Credit to Author: Lily Hay Newman| Date: Fri, 08 Nov 2019 22:28:18 +0000
At WIRED25 the internet infrastructure chief talks about doing the hard calculus of pulling support from controversial sites—and why that’ll happen again.
For years, the internet infrastructure company Cloudflare maintained that as a sort of internet utility—providing speed, reliability, and security services to sites around the world—it had no role in moderating content online. But more recently, Cloudflare has stoked controversy by removing support, first for the white supremacist site the Daily Stormer in August 2017 and then for the notorious online forum 8chan in August 2019. At the WIRED 25 conference in San Francisco today, Cloudflare CEO Matthew Prince said that he thinks the company will almost certainly drop more sites in the future.
"I think it's inevitable that it will happen again. And it's inevitable that we will wring our hands and be very concerned," Prince said. "The question is, what is the right role for infrastructure companies to play in policing what content is online. And it’s not totally clear to me yet what that right role is."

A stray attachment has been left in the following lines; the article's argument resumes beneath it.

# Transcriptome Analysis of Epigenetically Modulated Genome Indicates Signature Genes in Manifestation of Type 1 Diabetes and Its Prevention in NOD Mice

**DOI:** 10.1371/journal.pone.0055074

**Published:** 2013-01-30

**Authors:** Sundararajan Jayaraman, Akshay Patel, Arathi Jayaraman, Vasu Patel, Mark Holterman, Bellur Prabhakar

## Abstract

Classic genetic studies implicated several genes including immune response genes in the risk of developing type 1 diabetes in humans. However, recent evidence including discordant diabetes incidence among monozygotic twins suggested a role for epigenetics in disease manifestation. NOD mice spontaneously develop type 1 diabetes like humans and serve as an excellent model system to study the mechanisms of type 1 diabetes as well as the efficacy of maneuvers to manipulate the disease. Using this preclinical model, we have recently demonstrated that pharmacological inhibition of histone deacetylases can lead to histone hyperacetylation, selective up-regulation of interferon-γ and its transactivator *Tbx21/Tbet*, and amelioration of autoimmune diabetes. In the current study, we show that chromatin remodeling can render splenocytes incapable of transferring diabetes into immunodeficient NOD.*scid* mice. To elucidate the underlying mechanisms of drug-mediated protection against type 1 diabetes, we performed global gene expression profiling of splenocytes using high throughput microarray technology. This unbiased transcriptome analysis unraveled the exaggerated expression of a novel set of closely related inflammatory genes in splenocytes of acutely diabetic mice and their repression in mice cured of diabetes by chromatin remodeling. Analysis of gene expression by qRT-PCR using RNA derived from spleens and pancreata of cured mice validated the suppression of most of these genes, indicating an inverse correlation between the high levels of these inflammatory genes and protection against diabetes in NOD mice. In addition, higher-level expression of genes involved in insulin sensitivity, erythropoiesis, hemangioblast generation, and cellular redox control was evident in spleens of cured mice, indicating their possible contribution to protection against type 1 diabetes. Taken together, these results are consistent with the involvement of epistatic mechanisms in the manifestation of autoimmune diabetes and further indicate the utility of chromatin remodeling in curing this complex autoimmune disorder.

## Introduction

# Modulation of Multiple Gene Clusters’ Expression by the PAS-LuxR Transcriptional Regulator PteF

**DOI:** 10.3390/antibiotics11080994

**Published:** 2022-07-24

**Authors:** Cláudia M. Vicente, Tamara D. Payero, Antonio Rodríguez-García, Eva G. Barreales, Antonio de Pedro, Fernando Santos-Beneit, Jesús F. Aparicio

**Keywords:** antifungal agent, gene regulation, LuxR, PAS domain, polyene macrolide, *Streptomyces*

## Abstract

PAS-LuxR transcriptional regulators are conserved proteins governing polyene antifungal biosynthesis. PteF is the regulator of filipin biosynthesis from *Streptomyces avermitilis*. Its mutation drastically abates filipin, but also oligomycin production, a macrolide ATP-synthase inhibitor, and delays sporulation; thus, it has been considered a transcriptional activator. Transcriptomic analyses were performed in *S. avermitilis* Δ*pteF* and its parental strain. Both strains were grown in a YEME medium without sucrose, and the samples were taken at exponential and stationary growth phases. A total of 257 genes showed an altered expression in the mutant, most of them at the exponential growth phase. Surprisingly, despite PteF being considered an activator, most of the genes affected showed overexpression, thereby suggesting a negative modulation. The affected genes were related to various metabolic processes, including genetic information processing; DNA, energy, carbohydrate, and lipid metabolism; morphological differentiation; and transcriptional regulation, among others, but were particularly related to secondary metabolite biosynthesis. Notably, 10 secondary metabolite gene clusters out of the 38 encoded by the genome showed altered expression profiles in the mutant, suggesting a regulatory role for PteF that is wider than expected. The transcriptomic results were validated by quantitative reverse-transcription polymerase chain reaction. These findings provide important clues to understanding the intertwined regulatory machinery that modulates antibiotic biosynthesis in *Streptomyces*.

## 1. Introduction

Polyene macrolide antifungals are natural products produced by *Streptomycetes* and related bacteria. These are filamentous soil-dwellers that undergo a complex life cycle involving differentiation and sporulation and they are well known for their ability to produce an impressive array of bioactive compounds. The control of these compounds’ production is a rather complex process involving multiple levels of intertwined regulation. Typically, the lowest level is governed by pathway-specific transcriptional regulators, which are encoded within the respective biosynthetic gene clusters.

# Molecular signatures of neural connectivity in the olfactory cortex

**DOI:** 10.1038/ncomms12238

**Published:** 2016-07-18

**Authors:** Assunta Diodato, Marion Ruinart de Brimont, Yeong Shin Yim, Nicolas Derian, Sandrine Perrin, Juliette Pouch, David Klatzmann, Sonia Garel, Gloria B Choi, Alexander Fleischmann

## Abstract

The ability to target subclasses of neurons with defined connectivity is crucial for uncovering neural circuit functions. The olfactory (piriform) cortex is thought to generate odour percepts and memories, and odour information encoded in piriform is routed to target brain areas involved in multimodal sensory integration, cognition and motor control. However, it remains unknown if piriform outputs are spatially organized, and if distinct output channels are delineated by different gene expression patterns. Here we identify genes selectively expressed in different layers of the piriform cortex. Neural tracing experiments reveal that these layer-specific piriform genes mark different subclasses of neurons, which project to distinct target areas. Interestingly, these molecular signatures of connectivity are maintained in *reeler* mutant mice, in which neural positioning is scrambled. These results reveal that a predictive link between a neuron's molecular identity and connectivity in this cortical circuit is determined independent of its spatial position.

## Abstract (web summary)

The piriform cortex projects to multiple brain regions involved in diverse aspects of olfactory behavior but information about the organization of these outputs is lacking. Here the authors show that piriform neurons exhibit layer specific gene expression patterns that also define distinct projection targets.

Prince said that Cloudflare considers itself successful when billions of people around the world use its services every day without even realizing. But a ubiquitous company can't stay out of the public consciousness forever. And Cloudflare has recently taken some prominent steps into the limelight. The company went public in September, and announced third-quarter earnings on Thursday, in which it beat revenue growth projections but also posted growing losses.
As Cloudflare expands, its social responsibilities inevitably have as well. But Prince emphasized that there are real and immediate downsides to pulling support from even the most unpleasant customers. Prince noted that almost immediately after severing ties with the Daily Stormer and 8chan, the company experienced a major spike in censorship requests from governments around the world.
"If you start to empower the infrastructure and all the different layers that you have to pass through to make the internet work to each be making those decisions, then I worry about where that actually stops," Prince said. "We shouldn’t be the first line of defense. [But] maybe we need to, in rare circumstances, be the last line of defense."
Content moderation offers few easy answers for Cloudflare or for any of the other large tech platforms that struggle with the issue. But Prince said he hopes that transparency and open dialog will eventually reveal a path forward. Until it does, Cloudflare will carry on with a system that's imperfect and ad hoc, but better than not thinking about these challenges at all.